AAP logoAAP 9/12/2016 Ben McKay

For Harry Kewell, a rare bit of reflection has unearthed just how tough a road there is to acceptance.

Acceptance that for all you've achieved, there could have been more.

Acceptance that not everyone likes you.

And acceptance that there'll be plenty of tough days to come, given his stated desire to progress from his current role as under 21 coach for Watford to mentor at the highest level in Europe.

But acceptance is where Kewell, 38, has landed at long last.

It wasn't always so for the man voted Australia's greatest ever Socceroo, who had a tumultuous relationship with fans and media over the course of a glittering two-decade long career.

His move into coaching seems to have mellowed the European Champions League and FA Cup winner, who has spent the week being feted for his achievements.

Kewell insists he's not one ordinarily to look back.

But it's hard to avoid when you've received one of the greatest prizes your sport can offer.

In Melbourne on Tuesday, Kewell became the seventh player to be awarded the Alex Tobin Medal, presented by Professional Footballers Australia for an outstanding overall contribution to the game.

The list of recipients - the late Johnny Warren, Joe Marston, Craig Johnston, Mark Viduka, Frank Farina and Mark Schwarzer - shows the elite company that Kewell has joined.

Kewell said reminiscing over his career could be painful.

"I'm a believer that you've got to enjoy the good times because there are not that many in life," he said.

"The bad stuff - especially now - helps me get through when I am having bad days. I remember I have been in worse conditions and I've survived."

There's no prizes for guessing that it's Kewell's various injuries that bring him the most pain to recall.

Ankle, hamstring, abductor, adductor, concussion, neck, toe, knee, thigh, and back issues all brought lengthy lay-offs across 18 professional seasons.

And then there's the infamous but implausible diagnosis of gout - later changed to a form of arthritis in his ankle - that prematurely ended his 2006 World Cup.

Missing big occasions brought criticism and abuse and contributed to a downward spiral that at times brought him to tears.

"The bottom of the world is when you're sitting on the end of the bed crying, and you're going 'am I ever going to play again?'," he said.

"You're sitting there going 'what's wrong with me'?

"Every time I'm kicking, I'm ripping a muscle. Every time I'm turning, I'm breaking down.

"I get back. I work hard for four weeks and I break down again.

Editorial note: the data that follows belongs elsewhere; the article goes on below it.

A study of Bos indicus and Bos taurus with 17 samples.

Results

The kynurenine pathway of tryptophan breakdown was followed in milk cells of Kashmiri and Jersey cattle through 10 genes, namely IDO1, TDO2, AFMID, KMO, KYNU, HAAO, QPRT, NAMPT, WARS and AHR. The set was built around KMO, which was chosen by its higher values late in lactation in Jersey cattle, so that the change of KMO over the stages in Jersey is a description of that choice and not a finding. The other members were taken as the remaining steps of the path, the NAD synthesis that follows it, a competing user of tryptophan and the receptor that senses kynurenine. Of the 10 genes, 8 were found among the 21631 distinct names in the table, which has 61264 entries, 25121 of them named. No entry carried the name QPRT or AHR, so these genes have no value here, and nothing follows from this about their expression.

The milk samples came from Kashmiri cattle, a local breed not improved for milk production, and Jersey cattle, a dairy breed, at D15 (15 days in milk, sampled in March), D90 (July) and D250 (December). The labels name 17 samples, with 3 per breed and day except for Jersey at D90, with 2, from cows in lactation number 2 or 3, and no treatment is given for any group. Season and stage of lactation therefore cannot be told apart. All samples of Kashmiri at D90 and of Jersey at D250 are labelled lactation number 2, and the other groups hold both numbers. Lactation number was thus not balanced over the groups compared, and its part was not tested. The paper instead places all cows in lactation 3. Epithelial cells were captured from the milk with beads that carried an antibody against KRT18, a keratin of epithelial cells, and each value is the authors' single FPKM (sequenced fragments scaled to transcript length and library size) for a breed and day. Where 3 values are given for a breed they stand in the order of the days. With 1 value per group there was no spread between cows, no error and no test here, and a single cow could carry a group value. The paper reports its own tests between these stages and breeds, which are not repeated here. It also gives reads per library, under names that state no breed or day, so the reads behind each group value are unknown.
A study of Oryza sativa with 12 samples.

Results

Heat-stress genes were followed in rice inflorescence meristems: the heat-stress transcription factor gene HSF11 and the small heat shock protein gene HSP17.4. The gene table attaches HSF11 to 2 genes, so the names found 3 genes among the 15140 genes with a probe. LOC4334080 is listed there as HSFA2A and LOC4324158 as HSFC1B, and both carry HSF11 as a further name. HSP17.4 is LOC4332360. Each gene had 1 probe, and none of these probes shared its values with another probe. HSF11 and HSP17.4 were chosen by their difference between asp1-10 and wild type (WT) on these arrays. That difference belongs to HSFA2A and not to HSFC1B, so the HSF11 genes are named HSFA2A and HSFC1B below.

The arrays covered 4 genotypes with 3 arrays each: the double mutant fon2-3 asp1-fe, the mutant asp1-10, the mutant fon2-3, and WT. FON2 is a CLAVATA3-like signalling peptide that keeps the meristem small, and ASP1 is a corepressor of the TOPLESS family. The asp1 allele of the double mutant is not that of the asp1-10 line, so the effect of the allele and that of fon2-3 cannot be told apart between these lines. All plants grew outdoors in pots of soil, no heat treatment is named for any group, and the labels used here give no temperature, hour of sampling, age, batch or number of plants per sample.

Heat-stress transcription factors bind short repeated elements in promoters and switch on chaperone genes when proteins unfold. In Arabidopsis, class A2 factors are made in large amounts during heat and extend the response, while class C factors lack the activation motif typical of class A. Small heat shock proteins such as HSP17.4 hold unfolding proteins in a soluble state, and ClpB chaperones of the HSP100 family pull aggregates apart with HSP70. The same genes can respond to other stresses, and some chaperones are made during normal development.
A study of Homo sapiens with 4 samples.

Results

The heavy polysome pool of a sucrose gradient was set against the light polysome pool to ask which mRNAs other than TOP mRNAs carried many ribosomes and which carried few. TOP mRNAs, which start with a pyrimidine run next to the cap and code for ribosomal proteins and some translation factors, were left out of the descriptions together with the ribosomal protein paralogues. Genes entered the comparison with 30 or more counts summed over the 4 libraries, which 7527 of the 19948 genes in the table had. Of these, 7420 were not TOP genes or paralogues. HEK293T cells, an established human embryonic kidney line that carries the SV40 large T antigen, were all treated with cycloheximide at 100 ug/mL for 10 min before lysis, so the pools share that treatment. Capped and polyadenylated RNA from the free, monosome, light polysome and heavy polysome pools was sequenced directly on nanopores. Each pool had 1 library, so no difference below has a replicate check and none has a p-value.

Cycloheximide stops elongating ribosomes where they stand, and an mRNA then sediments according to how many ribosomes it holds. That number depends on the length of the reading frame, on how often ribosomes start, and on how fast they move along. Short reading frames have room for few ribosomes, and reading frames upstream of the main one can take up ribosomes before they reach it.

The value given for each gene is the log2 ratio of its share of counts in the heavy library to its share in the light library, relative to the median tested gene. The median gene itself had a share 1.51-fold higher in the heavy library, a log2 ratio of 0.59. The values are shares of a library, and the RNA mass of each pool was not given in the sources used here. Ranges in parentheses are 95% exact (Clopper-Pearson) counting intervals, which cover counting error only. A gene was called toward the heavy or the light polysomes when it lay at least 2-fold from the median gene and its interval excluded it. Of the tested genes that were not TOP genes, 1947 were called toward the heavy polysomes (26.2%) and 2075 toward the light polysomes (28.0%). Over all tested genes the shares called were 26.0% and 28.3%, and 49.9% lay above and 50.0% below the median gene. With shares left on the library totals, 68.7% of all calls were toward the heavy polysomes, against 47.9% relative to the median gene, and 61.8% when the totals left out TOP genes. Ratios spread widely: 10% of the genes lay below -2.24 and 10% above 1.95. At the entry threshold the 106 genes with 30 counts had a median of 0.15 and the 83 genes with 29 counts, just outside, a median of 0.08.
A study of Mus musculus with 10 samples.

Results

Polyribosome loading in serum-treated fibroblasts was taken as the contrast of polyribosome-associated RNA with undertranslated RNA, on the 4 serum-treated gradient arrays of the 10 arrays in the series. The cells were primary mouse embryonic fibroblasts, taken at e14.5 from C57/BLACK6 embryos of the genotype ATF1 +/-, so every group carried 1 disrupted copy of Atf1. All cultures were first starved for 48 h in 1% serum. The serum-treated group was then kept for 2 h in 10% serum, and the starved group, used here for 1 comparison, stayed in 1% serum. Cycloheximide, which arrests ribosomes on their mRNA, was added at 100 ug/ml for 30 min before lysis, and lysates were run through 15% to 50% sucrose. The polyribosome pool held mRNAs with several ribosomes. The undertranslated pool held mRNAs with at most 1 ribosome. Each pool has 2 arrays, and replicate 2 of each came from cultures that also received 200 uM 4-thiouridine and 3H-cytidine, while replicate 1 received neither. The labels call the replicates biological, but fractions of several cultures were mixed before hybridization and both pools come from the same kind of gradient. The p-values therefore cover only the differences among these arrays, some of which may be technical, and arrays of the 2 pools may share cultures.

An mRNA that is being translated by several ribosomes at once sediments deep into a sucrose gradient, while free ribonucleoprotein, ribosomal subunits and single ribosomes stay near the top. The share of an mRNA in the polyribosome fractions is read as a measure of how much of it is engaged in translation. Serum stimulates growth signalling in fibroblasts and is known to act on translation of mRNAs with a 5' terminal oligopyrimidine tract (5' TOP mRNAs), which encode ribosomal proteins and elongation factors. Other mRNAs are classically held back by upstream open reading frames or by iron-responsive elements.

"The pressure of people that keep going 'what's wrong' with me. It's not like the world's ending - but it's your career."

Kewell nominated his five injury-plagued seasons at Liverpool as the toughest stretch, and the European Champions League final as the worst moment.

"I've had 14 operations and the majority were at Liverpool," he said.

"It was a nightmare. An absolute nightmare.

"You'd have an operation and you think 'that's it, that's finished now'. I'm going to be brand new again.

"It doesn't happen.

"An injury is like a jigsaw puzzle. You fix one area and something else goes."

Kewell was substituted 23 minutes into the Champions League decider, eventually won on penalties after a comeback from 3-0 down against AC Milan.

"I put it all in to be at the highest level possible ... as an Australian player the European Cup final is the biggest level you can ever reach," he said.

"I got to achieve that only for it to come crashing down.

"You just want to fight, you just want to be there for your team and get their backs. But my groin snapped."

So why is Kewell happy to talk candidly about his darkest days now, two years after he called time on his career?

"This is probably going to sound stupid. But you probably don't want to show weakness," he confesses.

"I've accepted it. It's hard to accept when you're playing.

"There's a lot of players out there going through the same kind of problems. Top quality players.

"People are hammering them and I'm going 'it's not actually him, you don't want to be injured but sometimes you can't get out of that cycle'."

While Kewell seems to have accepted his lot, he's also recognising the guiding forces in his career.

And there's one he keeps returning to: his family.

"When things like that break you, you've got to find something inside you to get back."

"I've got a strong family behind me. My wife's very strong. She got me through it.

"My kids are a big part too. People talk about winning premierships, they're my four titles there."